A domino is a small rectangular wooden or plastic block with one side blank and the other marked by dots resembling those on dice. It is part of a set used to play various games, either by placing it on a table or arranging it so that the ends of adjacent tiles match. The number of matching pairs on each end determines the total points scored for that tile. Dominoes are most often used in two main types of play: blocking games and scoring games. A player wins a game by being the first to score all of his or her tiles.
The word domino comes from the Latin dominium, meaning “little king.” Dominoes have become a popular symbol of luck and good fortune because they symbolize the idea that small events can have great effects. The term “domino effect” is also used to describe how small events can affect an entire system. This is because of the way that dominoes connect and influence one another in a chain reaction.
Dominos are commonly made of ivory, silver lip ocean pearl oyster shell (mother of pearl), bone, or a dark hardwood such as ebony with black or white inlaid pips. They can also be made of a variety of natural materials including stone (e.g., marble, granite or soapstone); other woods such as spruce, fir, oak or cedar; metals such as brass or pewter; and ceramic clay.
Many games are played with dominoes, both classic and modern. The most common domino sets are double six, which contain 28 tiles, and double nine, which contains 55 tiles. Larger sets are available, but they are used mostly for games involving multiple players or for players who want to play long domino games. Each enlarged set adds three more tiles and increases the maximum number of matching ends on a single tile from three to seven.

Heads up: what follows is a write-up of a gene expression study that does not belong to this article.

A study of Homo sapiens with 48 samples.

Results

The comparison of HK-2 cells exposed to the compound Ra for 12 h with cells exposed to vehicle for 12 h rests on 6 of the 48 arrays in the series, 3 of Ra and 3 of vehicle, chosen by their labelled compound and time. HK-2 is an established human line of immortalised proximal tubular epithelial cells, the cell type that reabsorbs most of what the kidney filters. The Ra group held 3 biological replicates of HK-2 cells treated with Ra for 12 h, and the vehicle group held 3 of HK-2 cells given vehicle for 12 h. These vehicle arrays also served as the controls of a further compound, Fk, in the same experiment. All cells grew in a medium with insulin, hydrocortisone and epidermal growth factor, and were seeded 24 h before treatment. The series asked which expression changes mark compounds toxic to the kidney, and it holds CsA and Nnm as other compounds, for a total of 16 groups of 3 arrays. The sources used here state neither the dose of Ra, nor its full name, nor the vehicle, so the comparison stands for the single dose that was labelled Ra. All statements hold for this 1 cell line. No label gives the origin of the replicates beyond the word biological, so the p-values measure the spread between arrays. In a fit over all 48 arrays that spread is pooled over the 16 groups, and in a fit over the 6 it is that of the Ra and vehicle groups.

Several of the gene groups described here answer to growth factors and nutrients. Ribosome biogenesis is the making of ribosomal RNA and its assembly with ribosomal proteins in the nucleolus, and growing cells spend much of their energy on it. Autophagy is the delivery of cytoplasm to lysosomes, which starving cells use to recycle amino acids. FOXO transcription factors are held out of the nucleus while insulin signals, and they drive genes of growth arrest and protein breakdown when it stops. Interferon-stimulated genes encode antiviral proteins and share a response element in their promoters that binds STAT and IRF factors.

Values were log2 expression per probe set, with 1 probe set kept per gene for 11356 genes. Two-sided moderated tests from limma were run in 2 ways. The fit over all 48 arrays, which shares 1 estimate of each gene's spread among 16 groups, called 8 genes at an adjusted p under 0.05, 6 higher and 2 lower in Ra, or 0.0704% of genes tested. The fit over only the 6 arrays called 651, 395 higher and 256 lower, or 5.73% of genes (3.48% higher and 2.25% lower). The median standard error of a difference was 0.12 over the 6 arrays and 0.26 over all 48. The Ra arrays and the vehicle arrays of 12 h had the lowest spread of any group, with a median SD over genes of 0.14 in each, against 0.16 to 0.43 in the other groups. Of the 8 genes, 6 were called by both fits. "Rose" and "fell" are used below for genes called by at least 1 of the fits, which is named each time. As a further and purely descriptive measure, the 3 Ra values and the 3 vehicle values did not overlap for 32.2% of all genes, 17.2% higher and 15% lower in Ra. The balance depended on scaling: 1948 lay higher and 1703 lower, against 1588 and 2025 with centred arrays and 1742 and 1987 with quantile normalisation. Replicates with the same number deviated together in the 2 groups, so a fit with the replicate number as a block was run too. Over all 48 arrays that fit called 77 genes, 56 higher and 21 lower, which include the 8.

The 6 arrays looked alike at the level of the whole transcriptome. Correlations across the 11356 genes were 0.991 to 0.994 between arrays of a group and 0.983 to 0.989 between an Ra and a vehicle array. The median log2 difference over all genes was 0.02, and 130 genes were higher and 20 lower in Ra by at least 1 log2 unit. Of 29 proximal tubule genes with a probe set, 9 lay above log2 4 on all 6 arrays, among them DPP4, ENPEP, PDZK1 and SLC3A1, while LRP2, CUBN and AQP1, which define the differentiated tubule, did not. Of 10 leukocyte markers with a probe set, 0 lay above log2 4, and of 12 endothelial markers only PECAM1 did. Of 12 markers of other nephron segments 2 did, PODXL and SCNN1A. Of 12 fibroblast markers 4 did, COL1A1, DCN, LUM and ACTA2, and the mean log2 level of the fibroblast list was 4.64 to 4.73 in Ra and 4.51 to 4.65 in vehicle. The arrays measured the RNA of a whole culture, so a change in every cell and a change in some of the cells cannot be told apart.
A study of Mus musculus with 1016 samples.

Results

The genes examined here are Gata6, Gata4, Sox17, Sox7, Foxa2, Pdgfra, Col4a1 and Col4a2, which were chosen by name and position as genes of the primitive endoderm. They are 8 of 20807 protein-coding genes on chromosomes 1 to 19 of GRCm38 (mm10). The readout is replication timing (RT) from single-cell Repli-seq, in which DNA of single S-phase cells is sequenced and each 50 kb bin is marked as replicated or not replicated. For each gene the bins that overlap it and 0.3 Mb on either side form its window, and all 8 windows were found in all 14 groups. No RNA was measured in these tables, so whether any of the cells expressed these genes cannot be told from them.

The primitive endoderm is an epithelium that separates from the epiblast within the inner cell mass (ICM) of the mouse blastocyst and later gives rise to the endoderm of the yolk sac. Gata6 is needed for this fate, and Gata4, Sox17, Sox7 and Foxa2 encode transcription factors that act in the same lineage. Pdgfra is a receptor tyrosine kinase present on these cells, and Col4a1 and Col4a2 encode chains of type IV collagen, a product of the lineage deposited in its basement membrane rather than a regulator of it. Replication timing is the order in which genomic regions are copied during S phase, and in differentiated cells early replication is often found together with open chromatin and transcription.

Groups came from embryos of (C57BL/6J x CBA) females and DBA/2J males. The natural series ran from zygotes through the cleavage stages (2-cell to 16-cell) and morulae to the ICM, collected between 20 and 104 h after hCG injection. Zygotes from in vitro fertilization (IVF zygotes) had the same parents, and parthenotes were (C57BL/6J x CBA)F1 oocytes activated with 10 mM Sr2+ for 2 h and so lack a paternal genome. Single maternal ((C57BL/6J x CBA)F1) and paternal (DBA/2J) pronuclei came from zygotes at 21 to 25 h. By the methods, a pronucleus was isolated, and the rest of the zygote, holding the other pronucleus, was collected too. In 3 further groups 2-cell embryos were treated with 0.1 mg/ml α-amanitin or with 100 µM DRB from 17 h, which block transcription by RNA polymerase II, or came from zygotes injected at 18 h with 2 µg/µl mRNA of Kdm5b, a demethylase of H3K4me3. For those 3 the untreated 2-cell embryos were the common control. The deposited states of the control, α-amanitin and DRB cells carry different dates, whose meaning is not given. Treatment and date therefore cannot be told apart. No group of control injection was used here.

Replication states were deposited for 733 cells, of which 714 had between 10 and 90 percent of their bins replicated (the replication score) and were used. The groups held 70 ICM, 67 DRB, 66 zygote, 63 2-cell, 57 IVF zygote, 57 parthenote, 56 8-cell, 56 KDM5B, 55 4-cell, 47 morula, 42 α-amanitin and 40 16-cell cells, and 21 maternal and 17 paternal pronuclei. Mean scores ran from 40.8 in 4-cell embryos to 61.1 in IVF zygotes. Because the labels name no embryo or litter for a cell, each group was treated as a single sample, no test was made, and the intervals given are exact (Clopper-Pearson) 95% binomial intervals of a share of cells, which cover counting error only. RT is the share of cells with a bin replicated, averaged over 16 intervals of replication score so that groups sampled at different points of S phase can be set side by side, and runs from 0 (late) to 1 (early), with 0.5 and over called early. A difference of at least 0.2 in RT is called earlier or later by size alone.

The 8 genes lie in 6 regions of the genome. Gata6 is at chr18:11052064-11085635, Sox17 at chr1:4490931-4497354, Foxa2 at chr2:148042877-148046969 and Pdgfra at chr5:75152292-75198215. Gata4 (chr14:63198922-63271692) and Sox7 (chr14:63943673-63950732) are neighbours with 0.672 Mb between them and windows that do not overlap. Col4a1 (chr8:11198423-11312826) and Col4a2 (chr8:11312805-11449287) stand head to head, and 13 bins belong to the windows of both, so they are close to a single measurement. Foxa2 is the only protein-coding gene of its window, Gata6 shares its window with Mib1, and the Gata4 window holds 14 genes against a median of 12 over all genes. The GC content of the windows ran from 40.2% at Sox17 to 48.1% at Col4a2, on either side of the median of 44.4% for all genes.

Physicist Stephen Morris explains that when a domino is standing upright, it stores potential energy in its shape. This energy is released as the domino falls, and much of it is converted into kinetic energy in the form of friction between the domino and the table or floor on which it stands.
When Hevesh creates her amazing installations, she spends hours testing each section before putting it together. This allows her to spot any problems and make corrections before the final show. Some of her largest domino arrangements take several nail-biting minutes to fall, and they can easily be ruined by a single mistake.
Domino provides centralized execution, which makes it easy to track code + data = results and ensure that you can trace from a result back to the code and data that produced it. It also enables you to scale, by running jobs across multiple machines and scheduling them as recurring jobs. And, because Domino is built on open source technology, you can use it on-premises or as a fully-managed cloud service.